Measuring Information Systems Success

6 Feb

In my previous blog entitled, “Success Criteria”, [1] I discussed Wateridge’s [2] 1998 piece concerned with defining the criteria for success in order to determine whether or not an IS/IT project is successful. However in an 2011 article, Joosten et al [3] stresses the fact that there is still no adequate measurement of information systems and that the discussion of information system success is largely academic . “Despite an ongoing discussion for many years, there is no satisfying solution for the problem of an adequate and comprehensive evaluation or rather measurement of information system project success (ISPS) in research and practice.” [3] Using semi-structured expert interviews, the article researches how German companies analyse their ISPS. Their views were recorded to gain insight on the following their views on information system success, and their companies’ method for measuring success. The research question questions they chose to address are as follow, (taken directly from article) [3]

1. Which criteria do companies use to measure the success of their IS projects?

2. How do decision-makers subjectively evaluate IS projects? Do they use additional or different criteria compared to  the companies?

3. In which way do the practical approaches differ from the theoretically developed ones that are proposed in the literature and how can this discrepancy be interpreted?

Similar to the findings of Wateridge 1998 [2] the results of this research reveal that time budget and user requirements are very much the determinants of ISPS in practice. However the subjective perceptions of decision maker’s cite customer satisfaction, user satisfaction, and the project’s and product’s economic value as determinants of ISPS. The authors acknowledge that perhaps the subjective perceptions not being practised are due to the difficulty in measuring benefits such as customer satisfaction and economic value. Furthermore, “the additional criteria are supposed to be fulfilled as a consequence of developing a project according to its plan.” [3]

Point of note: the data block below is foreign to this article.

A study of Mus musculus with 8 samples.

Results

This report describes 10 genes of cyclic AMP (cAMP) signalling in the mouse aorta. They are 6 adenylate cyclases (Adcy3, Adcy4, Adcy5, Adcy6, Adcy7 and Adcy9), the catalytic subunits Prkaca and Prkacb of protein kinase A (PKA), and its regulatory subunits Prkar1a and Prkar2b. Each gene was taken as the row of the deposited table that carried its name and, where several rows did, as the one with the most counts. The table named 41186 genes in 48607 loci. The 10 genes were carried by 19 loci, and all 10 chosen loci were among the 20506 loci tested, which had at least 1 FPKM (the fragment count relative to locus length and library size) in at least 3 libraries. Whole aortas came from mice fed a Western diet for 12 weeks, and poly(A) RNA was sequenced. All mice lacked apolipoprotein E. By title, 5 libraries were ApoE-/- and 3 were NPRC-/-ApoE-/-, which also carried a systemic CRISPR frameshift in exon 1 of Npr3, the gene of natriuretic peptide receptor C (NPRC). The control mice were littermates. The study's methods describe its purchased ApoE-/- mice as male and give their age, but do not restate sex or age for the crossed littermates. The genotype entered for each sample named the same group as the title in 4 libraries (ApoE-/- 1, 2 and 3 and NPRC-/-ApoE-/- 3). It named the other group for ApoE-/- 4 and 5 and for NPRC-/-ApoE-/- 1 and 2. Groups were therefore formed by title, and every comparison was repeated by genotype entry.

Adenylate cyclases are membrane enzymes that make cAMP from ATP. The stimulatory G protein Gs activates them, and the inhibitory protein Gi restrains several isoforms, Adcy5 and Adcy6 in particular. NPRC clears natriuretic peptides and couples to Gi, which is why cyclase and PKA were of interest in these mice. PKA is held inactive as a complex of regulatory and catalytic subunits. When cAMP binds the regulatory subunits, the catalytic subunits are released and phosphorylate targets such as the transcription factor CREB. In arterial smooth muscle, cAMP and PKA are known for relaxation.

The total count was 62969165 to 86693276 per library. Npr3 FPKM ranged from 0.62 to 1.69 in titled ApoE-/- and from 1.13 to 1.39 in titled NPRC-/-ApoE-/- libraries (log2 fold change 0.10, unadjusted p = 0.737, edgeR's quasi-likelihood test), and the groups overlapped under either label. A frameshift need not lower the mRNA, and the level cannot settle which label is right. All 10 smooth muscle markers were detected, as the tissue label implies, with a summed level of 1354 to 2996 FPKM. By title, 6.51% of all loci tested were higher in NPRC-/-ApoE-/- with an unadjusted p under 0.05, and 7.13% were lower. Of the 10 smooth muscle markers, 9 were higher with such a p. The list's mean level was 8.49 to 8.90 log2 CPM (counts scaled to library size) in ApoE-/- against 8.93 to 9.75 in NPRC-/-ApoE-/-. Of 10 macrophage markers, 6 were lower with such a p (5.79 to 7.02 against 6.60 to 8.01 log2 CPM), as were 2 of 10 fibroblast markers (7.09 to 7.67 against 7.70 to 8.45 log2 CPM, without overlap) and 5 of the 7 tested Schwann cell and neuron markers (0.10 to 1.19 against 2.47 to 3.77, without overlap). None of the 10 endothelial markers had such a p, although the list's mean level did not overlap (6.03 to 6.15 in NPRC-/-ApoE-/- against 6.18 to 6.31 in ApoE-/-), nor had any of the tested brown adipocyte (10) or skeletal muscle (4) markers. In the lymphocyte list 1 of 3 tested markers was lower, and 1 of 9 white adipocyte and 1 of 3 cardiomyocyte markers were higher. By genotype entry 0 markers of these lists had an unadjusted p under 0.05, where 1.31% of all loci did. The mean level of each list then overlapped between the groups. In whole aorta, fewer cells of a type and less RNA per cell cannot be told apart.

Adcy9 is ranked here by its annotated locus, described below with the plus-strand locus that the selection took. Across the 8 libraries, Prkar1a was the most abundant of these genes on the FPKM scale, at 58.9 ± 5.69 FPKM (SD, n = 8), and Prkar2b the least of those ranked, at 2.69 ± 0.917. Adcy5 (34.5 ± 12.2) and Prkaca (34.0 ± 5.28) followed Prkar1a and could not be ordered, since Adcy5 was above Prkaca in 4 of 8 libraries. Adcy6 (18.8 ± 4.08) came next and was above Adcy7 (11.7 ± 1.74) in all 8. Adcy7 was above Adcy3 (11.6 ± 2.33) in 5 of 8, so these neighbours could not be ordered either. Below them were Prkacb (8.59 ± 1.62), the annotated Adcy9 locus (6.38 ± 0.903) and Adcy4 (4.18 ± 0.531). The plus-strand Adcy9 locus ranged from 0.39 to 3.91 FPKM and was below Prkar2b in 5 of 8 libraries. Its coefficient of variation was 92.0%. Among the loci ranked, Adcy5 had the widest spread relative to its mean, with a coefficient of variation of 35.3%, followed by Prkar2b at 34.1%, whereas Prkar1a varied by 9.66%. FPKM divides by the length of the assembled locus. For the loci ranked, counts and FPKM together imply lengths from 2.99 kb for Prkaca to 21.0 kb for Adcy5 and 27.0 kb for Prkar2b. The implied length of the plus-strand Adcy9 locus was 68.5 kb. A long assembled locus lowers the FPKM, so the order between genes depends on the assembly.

The authors conclude that the process efficiency needs further examination as “its importance becomes obvious as efficiency is evaluated in cases in which the plan is exceeded.”

This article raises interesting questions for further research. Is it still difficult to adequately analyse ISPS? Do you think that companies need to focus more on including customer satisfaction and economic value in their analysis of success. Should companies focus more on evaluating process efficiency.

[1] “Success Criteria”,

[2] Wateridge, J 1998, ‘How can IS/IT projects be measured for success’, International Journal of

Project Management, vol. 16, no. 1, pp. 59-63.

[3] Joosten, Dominik; Basten, Dirk; and Mellis, Werner, “Measurement of Information System Project Success in Organizations – What Researchers can learn from Practice.” (2011). ECIS 2011 Proceedings. Paper 177.